A human cancer vaccine has, for the first time, been observed to promote the invasion of cancerous tissues by specific families of white blood cells that are believed to have a cancer-fighting effect.
A human cancer vaccine has, for the first time, been observed to promotethe invasion of cancerous tissues by specific families of white blood cellsthat are believed to have a cancer-fighting effect.
In a presentation last year, David Berd, MD, of Thomas Jefferson University'sdivision of neoplastic diseases, explained how administration of a specialvaccine to patients who had undergone surgery for malignant melanoma thathad spread to lymph nodes had greatly increased the percentage of 5-yearsurvivors. The next question was, "Why?"
Now the same Jefferson research team, along with researchers led byGiorgio Parmiani, MD, and Marialuisa Sensi, PhD, of the Instituto NazionaleTumori in Milan, Italy, believe that they have an explanation. For thefirst time, the researchers demonstrated that a human cancer vaccine promotesthe invasion of cancer tissue by specific families of white blood cells.
Results of Six-Patient Study Reported
In a new paper appearing in the Journal of Clinical Investigation,the investigators report the results of a study of six patients with malignantmelanoma. The patients were treated with a vaccine containing their owncancer cells coated with the chemical dinitrophenyl (DNP). The DNP appearsto make cancer cells appear more foreign to the patients' immune systems,so that it can mount a fight against the tumor.
"In our previous studies, we found that the DNP vaccine causesthe development of inflammation in the tumors." explained Dr. Berd."In other words, they become red and swollen and microscopic examinationshows that they are invaded by a particular type of white blood cell, calleda T cell. In this study, Dr. Parmiani's laboratory showed that these werenot just any old T cells, but particular clones of T cells that had beenelicited by the vaccine. To my knowledge, this has never before been demonstratedfor a human cancer vaccine."
The investigators used the tools of molecular biology--polymerase chainreaction (PCR) and cloning of fragments of DNA--to identify the structuresof the T-cell receptors of the white blood cells invading the tumors. Ifcertain chemical constituents or antigens on the melanoma cells had elicitedthe T-cells, it would have been expected that the T-cells with certainreceptor structures would be detected in large quantities within the tumors.That is precisely what the research team found.
In the tumors of five patients in this study, a special family of T-cellswas much more abundant after treatment with the vaccine than before thetreatment. Even more surprising was the observation that vaccine-treatedtumors were invaded by clones of T-cells that were not detectable in tumorsbefore vaccination, nor in T-cells circulating in the blood stream.
Dr. Berd believes that the new molecular biology study provides a scientificexplanation for the therapeutic results. These findings may be a key todeveloping a more effective immunotherapy against malignant melanoma, thedeadliest from of skin cancer. In recent years, mortality from melanomahas been increasing. In 1995, the National Cancer Institute (NCI) expectedmore than 34,000 new individual cases of melanoma in the United Statesalone, and almost 7,200 individuals died from the disease. The incidencehas increased nearly 80% between 1973 and 1987, at a rate of approximately4% per year (NCI CancerNet).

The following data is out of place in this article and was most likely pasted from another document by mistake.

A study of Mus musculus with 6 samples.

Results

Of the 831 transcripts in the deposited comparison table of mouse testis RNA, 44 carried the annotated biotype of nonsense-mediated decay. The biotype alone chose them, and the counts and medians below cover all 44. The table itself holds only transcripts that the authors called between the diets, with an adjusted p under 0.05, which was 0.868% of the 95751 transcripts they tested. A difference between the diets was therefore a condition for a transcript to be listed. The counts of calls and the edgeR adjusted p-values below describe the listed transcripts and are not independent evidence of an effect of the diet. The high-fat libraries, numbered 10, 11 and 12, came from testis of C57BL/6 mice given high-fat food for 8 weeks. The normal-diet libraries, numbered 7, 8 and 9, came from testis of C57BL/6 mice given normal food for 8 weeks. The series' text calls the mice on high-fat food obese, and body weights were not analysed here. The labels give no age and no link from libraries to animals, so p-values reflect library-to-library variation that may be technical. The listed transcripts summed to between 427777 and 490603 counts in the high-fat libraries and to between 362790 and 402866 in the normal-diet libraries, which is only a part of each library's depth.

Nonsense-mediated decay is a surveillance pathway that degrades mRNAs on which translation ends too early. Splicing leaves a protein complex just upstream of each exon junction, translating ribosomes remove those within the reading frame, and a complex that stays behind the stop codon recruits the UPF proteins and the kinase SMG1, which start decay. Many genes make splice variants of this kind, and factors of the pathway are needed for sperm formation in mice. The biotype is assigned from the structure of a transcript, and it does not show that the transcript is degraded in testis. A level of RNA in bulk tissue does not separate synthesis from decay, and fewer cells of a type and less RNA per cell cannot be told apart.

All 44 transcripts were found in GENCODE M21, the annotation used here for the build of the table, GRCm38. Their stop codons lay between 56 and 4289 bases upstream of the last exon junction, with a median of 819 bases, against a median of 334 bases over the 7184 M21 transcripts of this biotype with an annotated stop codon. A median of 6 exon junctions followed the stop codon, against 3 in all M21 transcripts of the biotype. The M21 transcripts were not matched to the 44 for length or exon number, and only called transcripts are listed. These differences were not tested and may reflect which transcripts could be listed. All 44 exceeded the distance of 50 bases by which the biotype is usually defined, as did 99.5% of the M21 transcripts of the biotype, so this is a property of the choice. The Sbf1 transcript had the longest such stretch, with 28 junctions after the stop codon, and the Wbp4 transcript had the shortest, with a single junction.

Vaccine Being Used to Treat Advanced, But Resectable Melanomas
The vaccine under investigation is being used postsurgically for treatingadvanced, but surgically resectable, malignant melanoma. According to Dr.Berd's 1996 interim results, patients with stage III tumors in the lymphnodes were treated with the vaccine after standard lymphadenectomy. Of62 patients who received the vaccine, 47% had not relapsed after 5 years,and 58% survived for 5 years. This compared to the 20% to 25% survivalrate in patients treated with surgery alone. The patients also receiveda low dose of cyclophosphamide (Cytoxan, Neosar), a medication commonlyused in cancer chemotherapy, but which has been shown to boost the immunesystem when administered in the right way.
In a joint agreement with Thomas Jefferson University and Dr. Berd,AVAX Technologies, Inc, a development-stage biotech company headquarteredin Kansas City, has acquired the exclusive nights to develop and commercializethe patented DNP-vaccine technology under the trade name AC MelaVax. Beginningfirst with melanoma, the company believes that the same technology couldbe adapted to the treatment of other cancers.
"In the past," noted Dr. Berd, "the field of cancer vaccineshas overpromised and underperformed. But in view of the progress we'vemade, I'm eagerly looking forward to the additional required testing thatcould confirm our very encouraging results." Concluded Dr. Berd, "Theresearch itself is exciting, but providing a new treatment for cancer--thatwould be most gratifying."